The Interfax news agency said Adm. Viktor Fyodorov announced that the rescue vessel also was trying to raise the vessel as it was being towed.
The small submarine became entangled in a fishing net on yesterday and was stranded off Russia's Pacific coast in about 600ft of water.
At that depth, the crew would not be able to swim to the surface and divers likely would be unable to reach them. However, bringing the sub into shallower waters would potentially make it accessible to divers or even allow the crew to escape on their own
Both the Royal Navy and the US Navy had volunteered to send unmanned underwater vehicles to help rescue efforts, at Russia's request. Japan has also volunteered to help.
The Royal Navy's remote-controlled submersible is equipped with cameras and an arm which British officials believe could untangle the submarine. A RAF C-17 transport plane is preparing to fly from RAF Brize Norton to Prestwick Airport, near Glasgow, to collect the vehicle and fly it to Russia.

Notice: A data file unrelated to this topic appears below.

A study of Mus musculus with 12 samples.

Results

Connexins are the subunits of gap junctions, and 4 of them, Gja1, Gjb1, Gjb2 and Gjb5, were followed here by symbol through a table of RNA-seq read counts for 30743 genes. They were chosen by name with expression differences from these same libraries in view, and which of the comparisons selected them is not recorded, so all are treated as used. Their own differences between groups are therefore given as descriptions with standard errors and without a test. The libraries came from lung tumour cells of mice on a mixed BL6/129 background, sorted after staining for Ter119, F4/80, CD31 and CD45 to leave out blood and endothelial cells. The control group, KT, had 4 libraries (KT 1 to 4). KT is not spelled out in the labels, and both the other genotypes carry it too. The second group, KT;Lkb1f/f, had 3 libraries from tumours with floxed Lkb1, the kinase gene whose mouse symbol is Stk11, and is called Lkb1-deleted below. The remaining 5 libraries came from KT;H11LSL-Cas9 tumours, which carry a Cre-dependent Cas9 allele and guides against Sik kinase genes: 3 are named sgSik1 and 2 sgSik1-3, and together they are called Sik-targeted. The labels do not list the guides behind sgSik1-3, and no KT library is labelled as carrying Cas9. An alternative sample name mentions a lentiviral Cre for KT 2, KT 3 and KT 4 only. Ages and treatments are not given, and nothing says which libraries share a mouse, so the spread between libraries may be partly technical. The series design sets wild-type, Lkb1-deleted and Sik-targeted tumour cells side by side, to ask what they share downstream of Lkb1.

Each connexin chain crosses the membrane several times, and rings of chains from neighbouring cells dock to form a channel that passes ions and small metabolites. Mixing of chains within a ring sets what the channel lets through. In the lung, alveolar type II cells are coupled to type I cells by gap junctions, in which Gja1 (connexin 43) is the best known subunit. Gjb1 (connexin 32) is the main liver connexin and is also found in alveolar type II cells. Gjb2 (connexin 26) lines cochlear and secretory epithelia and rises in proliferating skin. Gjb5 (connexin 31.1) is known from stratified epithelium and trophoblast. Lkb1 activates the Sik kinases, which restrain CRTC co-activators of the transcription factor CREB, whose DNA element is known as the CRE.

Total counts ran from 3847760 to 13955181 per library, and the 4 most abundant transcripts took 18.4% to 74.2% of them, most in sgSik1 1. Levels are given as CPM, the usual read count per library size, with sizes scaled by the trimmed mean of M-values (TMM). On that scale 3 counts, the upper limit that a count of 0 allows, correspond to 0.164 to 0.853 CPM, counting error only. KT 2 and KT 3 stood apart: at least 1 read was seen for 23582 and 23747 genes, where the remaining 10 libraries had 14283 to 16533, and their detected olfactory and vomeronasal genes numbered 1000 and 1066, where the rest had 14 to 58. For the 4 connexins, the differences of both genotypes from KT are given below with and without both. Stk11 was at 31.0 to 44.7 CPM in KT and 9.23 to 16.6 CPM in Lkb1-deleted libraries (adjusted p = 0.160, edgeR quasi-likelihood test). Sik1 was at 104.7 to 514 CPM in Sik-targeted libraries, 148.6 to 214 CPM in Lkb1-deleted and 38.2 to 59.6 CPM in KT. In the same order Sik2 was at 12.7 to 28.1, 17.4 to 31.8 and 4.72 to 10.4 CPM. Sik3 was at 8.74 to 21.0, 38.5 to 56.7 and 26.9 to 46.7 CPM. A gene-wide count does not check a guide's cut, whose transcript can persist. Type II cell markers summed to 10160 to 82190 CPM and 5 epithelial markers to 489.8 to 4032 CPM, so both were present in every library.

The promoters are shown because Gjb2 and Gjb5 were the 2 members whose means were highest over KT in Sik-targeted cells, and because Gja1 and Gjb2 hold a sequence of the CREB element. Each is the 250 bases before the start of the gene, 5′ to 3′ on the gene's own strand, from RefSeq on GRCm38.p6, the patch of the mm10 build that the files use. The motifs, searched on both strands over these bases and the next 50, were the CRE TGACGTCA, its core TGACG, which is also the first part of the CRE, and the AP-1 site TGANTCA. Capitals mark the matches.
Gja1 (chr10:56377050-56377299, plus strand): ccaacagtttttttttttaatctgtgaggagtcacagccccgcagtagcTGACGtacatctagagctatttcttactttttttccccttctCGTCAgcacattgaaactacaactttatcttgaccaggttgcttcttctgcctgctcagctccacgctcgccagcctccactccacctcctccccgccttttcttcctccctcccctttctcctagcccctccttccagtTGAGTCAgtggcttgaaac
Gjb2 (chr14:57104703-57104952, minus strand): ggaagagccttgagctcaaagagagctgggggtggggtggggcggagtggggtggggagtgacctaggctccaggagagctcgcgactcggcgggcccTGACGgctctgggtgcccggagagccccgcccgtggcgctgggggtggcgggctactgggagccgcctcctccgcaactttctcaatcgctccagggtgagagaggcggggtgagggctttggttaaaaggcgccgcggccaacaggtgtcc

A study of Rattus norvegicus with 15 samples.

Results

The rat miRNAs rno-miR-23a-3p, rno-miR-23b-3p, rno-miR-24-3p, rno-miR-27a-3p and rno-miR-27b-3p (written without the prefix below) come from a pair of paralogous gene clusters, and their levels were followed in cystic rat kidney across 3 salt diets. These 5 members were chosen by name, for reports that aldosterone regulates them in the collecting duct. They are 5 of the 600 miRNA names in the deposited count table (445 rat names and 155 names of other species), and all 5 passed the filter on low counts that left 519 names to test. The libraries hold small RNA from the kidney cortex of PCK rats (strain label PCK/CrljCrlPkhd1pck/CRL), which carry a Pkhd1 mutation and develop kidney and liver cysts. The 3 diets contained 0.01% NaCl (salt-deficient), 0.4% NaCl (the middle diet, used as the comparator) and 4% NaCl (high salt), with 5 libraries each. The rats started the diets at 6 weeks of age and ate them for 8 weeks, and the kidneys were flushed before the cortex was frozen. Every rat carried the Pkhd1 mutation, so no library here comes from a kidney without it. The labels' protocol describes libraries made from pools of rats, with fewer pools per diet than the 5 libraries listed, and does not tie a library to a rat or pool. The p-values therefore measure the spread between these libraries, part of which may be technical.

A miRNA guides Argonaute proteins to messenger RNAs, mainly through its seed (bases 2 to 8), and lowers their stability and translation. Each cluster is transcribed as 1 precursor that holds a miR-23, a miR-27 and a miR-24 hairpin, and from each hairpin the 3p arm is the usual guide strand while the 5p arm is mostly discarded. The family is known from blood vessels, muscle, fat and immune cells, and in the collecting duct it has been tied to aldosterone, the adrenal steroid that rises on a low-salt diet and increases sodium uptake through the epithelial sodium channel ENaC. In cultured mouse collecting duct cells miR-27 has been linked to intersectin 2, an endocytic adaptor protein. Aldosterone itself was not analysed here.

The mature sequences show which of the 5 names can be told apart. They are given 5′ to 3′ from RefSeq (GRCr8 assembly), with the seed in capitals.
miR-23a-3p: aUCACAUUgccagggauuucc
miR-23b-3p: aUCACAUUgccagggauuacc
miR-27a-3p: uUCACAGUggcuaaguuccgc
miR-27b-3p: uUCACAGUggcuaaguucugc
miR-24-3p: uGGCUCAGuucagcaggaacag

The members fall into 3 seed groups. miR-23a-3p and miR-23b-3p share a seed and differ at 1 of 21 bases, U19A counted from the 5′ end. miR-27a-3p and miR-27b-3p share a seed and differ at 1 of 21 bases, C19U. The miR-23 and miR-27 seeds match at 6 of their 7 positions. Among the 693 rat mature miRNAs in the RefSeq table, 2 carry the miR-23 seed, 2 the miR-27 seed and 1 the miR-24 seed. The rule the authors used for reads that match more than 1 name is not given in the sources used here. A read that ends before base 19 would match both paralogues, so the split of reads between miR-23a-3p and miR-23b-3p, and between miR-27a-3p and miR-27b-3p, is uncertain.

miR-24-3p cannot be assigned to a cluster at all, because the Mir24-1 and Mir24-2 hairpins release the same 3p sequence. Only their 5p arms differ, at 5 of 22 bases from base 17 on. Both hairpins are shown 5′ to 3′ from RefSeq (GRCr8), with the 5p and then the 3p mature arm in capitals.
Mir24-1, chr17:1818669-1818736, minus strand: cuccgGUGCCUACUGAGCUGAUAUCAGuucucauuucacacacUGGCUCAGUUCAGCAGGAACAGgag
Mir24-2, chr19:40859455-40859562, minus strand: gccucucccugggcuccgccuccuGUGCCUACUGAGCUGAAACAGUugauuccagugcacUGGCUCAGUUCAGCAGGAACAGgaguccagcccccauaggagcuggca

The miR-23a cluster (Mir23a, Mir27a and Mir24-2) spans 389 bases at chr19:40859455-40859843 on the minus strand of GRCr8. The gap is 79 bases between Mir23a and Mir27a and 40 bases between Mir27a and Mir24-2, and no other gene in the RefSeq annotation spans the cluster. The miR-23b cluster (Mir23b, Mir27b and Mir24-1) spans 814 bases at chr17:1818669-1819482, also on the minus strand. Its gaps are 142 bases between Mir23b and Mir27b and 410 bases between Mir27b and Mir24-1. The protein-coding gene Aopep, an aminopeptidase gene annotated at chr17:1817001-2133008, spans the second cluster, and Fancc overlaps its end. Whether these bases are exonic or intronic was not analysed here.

But the announcement that the mini-submarine was under tow appeared to be the first significant positive sign in a day of desperate drama amid contradictory reports about how quickly the trapped crew's air would run out.
Fyodorov said there was enough air aboard to last until Monday, although other officials had said there was barely more than a day's supply.
The crisis evoked comparisons with the 2000 disaster involving the nuclear submarine Kursk.
The Kursk sank to the bottom of the Barents Sea after explosions on board, killing all 118 seamen aboard. Russian President Vladimir Putin was sharply criticised for his handling of the crisis and an initial reluctance to accept foreign assistance.